How often have you heard the claim that incomes in the United States have been stagnant for “decades”?
The chart below from the Pew Economic Mobility Project shows otherwise.
It is true that the top 20 percent in the United States today earns more than the top 20 percent earned in 1970. But comparing quintiles across time doesn’t tell us what happens to actual people.
The chart shows what happens when you compare the incomes of parents (1967-71) with those of their children (1995-2002): The children of all earners except those in the top 20 percent saw their incomes improve over those of their parents. The children of earners starting in the bottom 20 percent saw the biggest increase over their parents’ incomes.
This excellent paper The Inequity of the Progressive Income Tax sheds more light on this issue. The author, Kip Hagopian, writes:
In addition to America’s substantial superiority in gdp per capita (which is a measure of the performance of the economy without regard to how income is distributed), the US. has a much higher standard of living than virtually all of the most advanced European and Asian countries. According to Luxembourg income study (which uses a very comprehensive measure of income) median disposable personal income in the US. In 2002 was: 19.3 percent higher than Canada; 68 percent higher than Finland; 45 percent higher than Germany; 59 percent higher than Italy; 31 percent higher than Norway (despite its vast oil and gas wealth); 73 percent higher than Sweden; and 31 percent higher than the United Kingdom. It should be noted that the figures for GDP per capita and median income understate America’s advantage because the median age of America’s population (about 36.8 years) is about four years lower than the average of the median ages in Western Europe and almost eight years younger than Japan. Age (a proxy for experience) is one of the most significant contributors to income and is also, therefore, one of the most significant contributors to income inequality. In addition to higher median incomes, Americans have higher median net worths, which add further to the standard of living differential.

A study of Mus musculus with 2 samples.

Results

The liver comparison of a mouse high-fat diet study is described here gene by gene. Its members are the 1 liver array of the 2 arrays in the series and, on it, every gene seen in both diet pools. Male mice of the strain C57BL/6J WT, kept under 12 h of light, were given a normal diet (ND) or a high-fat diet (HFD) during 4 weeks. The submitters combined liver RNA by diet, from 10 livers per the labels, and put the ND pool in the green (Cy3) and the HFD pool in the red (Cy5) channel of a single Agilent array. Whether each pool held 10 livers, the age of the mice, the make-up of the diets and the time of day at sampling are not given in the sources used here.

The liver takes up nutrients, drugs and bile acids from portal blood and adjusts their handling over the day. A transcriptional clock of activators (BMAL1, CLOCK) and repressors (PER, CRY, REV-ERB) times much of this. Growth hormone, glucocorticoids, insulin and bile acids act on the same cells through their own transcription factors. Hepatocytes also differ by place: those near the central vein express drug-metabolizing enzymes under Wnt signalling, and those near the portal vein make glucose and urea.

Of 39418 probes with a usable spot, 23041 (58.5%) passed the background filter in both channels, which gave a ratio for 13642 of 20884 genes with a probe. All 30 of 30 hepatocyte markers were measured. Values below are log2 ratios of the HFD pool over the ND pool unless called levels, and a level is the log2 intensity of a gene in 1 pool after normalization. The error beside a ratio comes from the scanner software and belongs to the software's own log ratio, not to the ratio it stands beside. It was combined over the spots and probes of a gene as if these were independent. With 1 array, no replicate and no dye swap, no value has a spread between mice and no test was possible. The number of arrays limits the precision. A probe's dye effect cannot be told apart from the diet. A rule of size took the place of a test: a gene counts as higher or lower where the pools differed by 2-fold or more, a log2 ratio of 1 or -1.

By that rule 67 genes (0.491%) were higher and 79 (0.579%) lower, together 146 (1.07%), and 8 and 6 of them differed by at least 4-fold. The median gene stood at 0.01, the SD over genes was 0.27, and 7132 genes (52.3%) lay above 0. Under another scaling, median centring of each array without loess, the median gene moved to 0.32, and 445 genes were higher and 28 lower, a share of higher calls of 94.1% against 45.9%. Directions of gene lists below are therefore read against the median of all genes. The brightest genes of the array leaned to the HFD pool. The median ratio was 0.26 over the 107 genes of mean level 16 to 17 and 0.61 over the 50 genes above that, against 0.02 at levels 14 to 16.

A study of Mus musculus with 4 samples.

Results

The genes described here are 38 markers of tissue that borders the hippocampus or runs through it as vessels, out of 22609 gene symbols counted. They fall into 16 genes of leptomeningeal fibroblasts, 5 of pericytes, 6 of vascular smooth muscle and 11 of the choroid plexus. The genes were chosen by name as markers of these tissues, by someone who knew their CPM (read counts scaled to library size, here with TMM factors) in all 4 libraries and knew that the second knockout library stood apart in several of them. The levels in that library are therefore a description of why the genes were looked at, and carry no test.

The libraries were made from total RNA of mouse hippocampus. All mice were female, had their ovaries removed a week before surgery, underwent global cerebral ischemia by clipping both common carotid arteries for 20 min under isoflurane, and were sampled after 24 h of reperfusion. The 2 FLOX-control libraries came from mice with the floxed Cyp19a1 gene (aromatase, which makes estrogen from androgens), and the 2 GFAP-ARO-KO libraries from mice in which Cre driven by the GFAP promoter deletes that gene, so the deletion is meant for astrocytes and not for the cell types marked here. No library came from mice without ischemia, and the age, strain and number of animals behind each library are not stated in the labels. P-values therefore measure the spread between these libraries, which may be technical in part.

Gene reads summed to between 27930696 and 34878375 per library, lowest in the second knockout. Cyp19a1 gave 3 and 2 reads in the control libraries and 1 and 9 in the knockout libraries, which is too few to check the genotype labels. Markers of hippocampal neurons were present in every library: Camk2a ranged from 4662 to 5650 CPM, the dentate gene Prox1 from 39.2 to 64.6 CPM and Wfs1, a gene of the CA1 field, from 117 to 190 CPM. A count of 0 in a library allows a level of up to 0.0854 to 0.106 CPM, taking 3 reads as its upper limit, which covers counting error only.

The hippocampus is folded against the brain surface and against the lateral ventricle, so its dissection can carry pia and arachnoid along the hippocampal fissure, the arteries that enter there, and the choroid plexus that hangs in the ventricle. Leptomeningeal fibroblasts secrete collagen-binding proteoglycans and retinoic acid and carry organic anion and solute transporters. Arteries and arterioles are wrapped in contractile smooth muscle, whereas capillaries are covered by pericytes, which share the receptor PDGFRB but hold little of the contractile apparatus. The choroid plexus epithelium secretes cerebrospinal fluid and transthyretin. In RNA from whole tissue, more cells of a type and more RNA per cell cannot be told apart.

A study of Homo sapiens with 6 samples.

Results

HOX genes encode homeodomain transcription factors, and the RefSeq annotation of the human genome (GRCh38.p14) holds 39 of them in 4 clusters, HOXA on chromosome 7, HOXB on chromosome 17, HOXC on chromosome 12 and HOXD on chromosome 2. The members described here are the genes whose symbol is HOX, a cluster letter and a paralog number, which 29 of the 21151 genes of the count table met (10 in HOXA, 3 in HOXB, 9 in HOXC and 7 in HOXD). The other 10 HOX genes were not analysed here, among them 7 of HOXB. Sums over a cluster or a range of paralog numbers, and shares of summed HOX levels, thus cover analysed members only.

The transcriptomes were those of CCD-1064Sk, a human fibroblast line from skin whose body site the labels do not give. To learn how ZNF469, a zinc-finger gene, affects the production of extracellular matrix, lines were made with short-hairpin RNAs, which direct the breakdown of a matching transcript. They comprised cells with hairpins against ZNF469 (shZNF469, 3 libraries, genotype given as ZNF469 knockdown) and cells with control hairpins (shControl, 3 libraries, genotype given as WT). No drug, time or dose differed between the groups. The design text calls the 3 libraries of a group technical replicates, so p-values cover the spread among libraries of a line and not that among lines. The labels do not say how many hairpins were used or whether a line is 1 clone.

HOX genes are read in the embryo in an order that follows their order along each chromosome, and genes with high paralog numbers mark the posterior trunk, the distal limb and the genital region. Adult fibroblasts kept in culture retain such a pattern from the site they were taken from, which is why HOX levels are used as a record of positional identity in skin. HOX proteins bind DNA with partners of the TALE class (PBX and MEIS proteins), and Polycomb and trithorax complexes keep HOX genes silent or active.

Hagopian goes on to say:
Another common claim is that incomes in the U.S.have been stagnant for “decades.” But this claim is at odds with data from the Congressional Budget Office, which uses a measure of household income that, like the Luxembourg measure, is quite comprehensive, taking into account transfer payments, health and retirement benefits, profits from retirement accounts, imputed interest on owner occupied homes, differences in household size, and taxes paid. Using this more meaningful definition of income, from 1983 to 2005 real median household income in the U.S.rose by 35 percent, which can hardly be considered “stagnant.”
Have a look too at the parable at the beginning of the article on tax principles. It’s brilliant.